In long-running litigation over alleged wage violations, a federal district court ruled on a summary judgment motion that a class of Arizona-based minor league baseball players are year-round, joint employees of Major League Baseball and its clubs. The case dates to 2014, when the players sued alleging violations of the Fair Labor Standards Act and state labor laws, claiming they were paid as little as $1,100 per month during a five-month season and little or nothing for essentially mandatory offseason activity. The sprawling dispute incorporates both an FLSA minimum wage collective action and four classes of players whose baseball activity occurred in Florida, California, or Arizona. In the recent ruling, Magistrate Judge Joseph C. Spero found that MLB violated Arizona minimum wage laws as well as California wage statement laws. The players’ claims under the FLSA, meanwhile, were pared to conduct occurring before March 23, 2018, when the Save America’s Pastime Act took effect and amended the FLSA to exempt baseball players from the law’s minimum wage and overtime requirements.

In a news conference with U.S. Representatives Hank Johnson (D-GA) and Hakeem Jeffries (D-NY) held by the American Association for Justice, former National Football League head coach, Brian Flores, who is suing the NFL and various teams for racial discrimination in hiring, spoke out in support of the Forced Arbitration Injustice Repeal Act, a proposed bill that would make pre-dispute arbitration agreements unenforceable in employment, consumer, antitrust, and civil rights disputes. About two weeks ago, Flores urged the NFL to reject a request made by the Miami Dolphins for the league to compel arbitration of Flores’ racial discrimination claims. During the conference, Flores defended the legislation, saying, “Forced arbitration really is the crux of why all forms of discrimination are so prevalent in this country.” Forced arbitration, he said, “allows an employer to hide behind secret and confidential proceedings. The employer avoids scrutiny and avoids public accountability.” The FAIR Act was reintroduced after passing in the House but failing in the Senate during the last congress.

Meanwhile, the Rooney Rule, the diversity initiative inevitably tied up with the Flores litigation, is coming under increasing scrutiny. The NFL introduced the Rooney Rule in 2003 in order to promote more inclusive hiring—the rule now requires teams to interview at least two minority candidates from outside their organizations or from a league-approved list for any head coach opening. After its introduction in the NFL, the rule found adherents across corporate industry, with similar iterations having now been adopted by over 100 public companies. In the NFL, the Rooney Rule has been criticized for merely incentivizing token interviews and for generally failing to increase the number of Black head coaches. In the corporate world, workplace diversity data suggests that the copycat hiring methods have not succeeded. A 2020 analysis from the Stanford Graduate School of Business of the Fortune 100 companies found that only 16% of the C-suite positions were held by racially diverse individuals. The criticism of Rooney Rule analogues in corporate America is similar to that in football America. As Alina Polonskaia, Global Leader of the DE&I Consulting Practice at executive recruiter Korn Ferry puts it, “It’s kind of really like checking the box to say ‘We have the Rooney Rule, look how progressive we are.’” For a diversity slate initiative to actually be successful in boosting racial diversity in hiring, Polonskaia argues that at least 30% of the candidates should be racial minorities. The recommendation is based on evidence that suggests that changing the status quo (i.e., the demographic makeup of the hiring slate) actually changes the perception of the hiring manager and combats unconscious bias.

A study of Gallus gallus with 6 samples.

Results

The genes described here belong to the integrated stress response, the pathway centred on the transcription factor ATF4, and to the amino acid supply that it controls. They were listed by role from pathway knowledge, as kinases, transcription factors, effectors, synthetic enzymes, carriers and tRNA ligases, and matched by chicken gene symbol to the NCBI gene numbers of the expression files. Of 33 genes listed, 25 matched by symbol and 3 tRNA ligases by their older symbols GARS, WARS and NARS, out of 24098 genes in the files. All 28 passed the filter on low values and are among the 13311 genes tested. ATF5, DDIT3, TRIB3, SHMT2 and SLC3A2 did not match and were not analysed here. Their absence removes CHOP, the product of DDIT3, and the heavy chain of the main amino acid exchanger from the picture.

In an innovative spin on the fight to win compensation for college athletes, the National College Players Association has filed a civil rights complaint with the U.S. Department of Educations’ Office for Civil Rights, asserting that Division I colleges are violating Black students’ civil rights by collusively prohibiting compensation to student-athletes. The NCPA is a “nonprofit advocacy organization made up of current and former college athletes and has been leading the college athletes’ rights movement since 2001.” The theory advanced by the complaint is that the limit on student-athlete compensation has a disparate impact on Black college students because Black students disproportionately comprise the athletes in the sports that generate the most revenue, i.e., football and men’s and women’s basketball. In a statement, NCPA executive director Ramogi Huma explained, “This multibillion college sports enterprise imposes discriminatory practices that disproportionately harms Black athletes, while predominantly white coaches and administrators make millions of dollars…All college athletes should have the opportunity to receive fair market pay. This can happen without cutting any sports. Colleges would just have to spend a bit less on coaches’ salaries and luxury facilities.” The NCPA argues that its position is supported by NCAA v. Alston, in which Justice Brett Kavanaugh suggested that the NCAA and member schools suppress the pay of student-athletes while those athletes who generate the revenues, “many of whom are African American and from lower-income backgrounds, end up with little or nothing.”